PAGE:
Why I Sold My House To Buy A Bitcoin Dip

After realizing that taking out a home loan meant his property was never really his, a military member sold his house to buy bitcoin instead.

This is an opinion editorial by Mickey Koss, a West Point graduate with a degree in economics. He spent four years in the infantry before transitioning to the Finance Corps.

I actually started this article nearly a year ago and had abandoned it, until the idea was reinvigorated through a Twitter Spaces with “Toxic Happy Hour.” When hearing @publordhodl speak about wealth taxes there, the implications suddenly slapped me across the face:

Wealth taxes and property taxes mean that you never truly own anything. Ever. Maybe that’s the point.

You Already Own Nothing, You Just Don’t Know It Yet

Back in 2018, my wife and I decided to leverage our VA home loan benefit to purchase a home at our new duty station. The home was in a nice pocket of a low-income area, so the price would allow us to rent the home after leaving to try and build some wealth and cash flow.

Fast forward two years: We were met with an unconscionable black swan event, and I’m not talking about COVID-19. The event I’m alluding to were the eviction moratoriums that were passed hastily during that period.

Through luck and happenstance, our tenant remained in place and kept paying rent, but had they stopped, it could have meant financial disaster. The message was clear and the precedent was set: I no longer had rights to my own property. We worked diligently to sell the home, eventually offloading it through an off-market deal to another investor, and we used the proceeds to buy that beautiful, glorious bitcoin price dip in 2021.

Came For The PGU, Stayed For The FGU

Like many in the military and the middle class alike, home ownership is an essential piece to building long-term wealth for me. For military folks especially, the frequent moves makes this difficult to do without choosing properties that can be rented out after you move.

I see the risks, however, as having increased exponentially after what happened in 2020. I don’t think it’s a viable strategy anymore.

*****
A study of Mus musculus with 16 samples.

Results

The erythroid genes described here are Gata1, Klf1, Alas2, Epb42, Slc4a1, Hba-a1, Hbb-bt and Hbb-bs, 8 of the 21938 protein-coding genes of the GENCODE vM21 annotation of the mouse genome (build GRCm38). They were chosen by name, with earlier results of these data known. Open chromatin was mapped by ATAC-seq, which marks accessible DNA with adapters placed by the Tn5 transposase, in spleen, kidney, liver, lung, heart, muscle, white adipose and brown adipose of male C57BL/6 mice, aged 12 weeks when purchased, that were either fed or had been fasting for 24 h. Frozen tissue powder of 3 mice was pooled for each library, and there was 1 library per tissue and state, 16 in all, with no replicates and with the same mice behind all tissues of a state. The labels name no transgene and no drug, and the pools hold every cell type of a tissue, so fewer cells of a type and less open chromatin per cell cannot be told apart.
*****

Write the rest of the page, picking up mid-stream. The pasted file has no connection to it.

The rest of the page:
Furthermore, even if we were to pay off properties and own them outright, we would still owe taxes every year, and what’s to stop another rent moratorium from going into effect? Or worse, a wealth tax? It really got me thinking: Do we already own nothing and just don’t know it yet?

It took me a while to understand this, but bitcoin is the only thing that I truly own. The talks of wealth taxes and eating the rich has been causing me to reevaluate this lesson.

It makes me think about the Jeff Booth thesis above, that the system cannot be fixed from within. Bitcoin is attractive at first because of the price-go-up (PGU) sensation, but you inevitably hit an inflection point; will you panic sell at the first sign of danger, or will you dig deeper through proof of work and uncover the true value?

The true value of bitcoin is not reflected in its day-to-day price fluctuations; the value of bitcoin is reflected in its ability to empower the individual. Bitcoin in self-custody is fundamentally freedom-go-up (FGU) technology. The confiscation-resistant nature enables people to exercise jurisdictional arbitrage, fleeing hostile areas without coercive exit taxes or penalties. It levels the playing field for individuals, a fact that is going to become more obvious in the coming years.

Freedom can only exist in a state where individual rights are protected, including property rights. What people fail to realize is that policies targeting the rich may inevitably be the very things preventing them from joining that group, notwithstanding that those very policies may change, targeting the individuals who once supported them.

This is first-order thinking, wrought with unforeseen consequences and unplanned impacts; an insidious envy, based on a scarcity mindset. In a world bereft of monetary scarcity, everything else becomes scarce as a result. Wealth taxes solve the problem the same way vengeance does, short-term satisfaction with potentially-dire, long-term implications.

If you think the last bull market was exciting, just wait until nation-states start passing wealth taxes. Bitcoin’s true value will be reflected in time. Until then, I will continue to stay humble and stack sats, waiting for the inevitable.

This is a guest post by Mickey Koss. Opinions expressed are entirely their own and do not necessarily reflect those of BTC Inc or Bitcoin Magazine.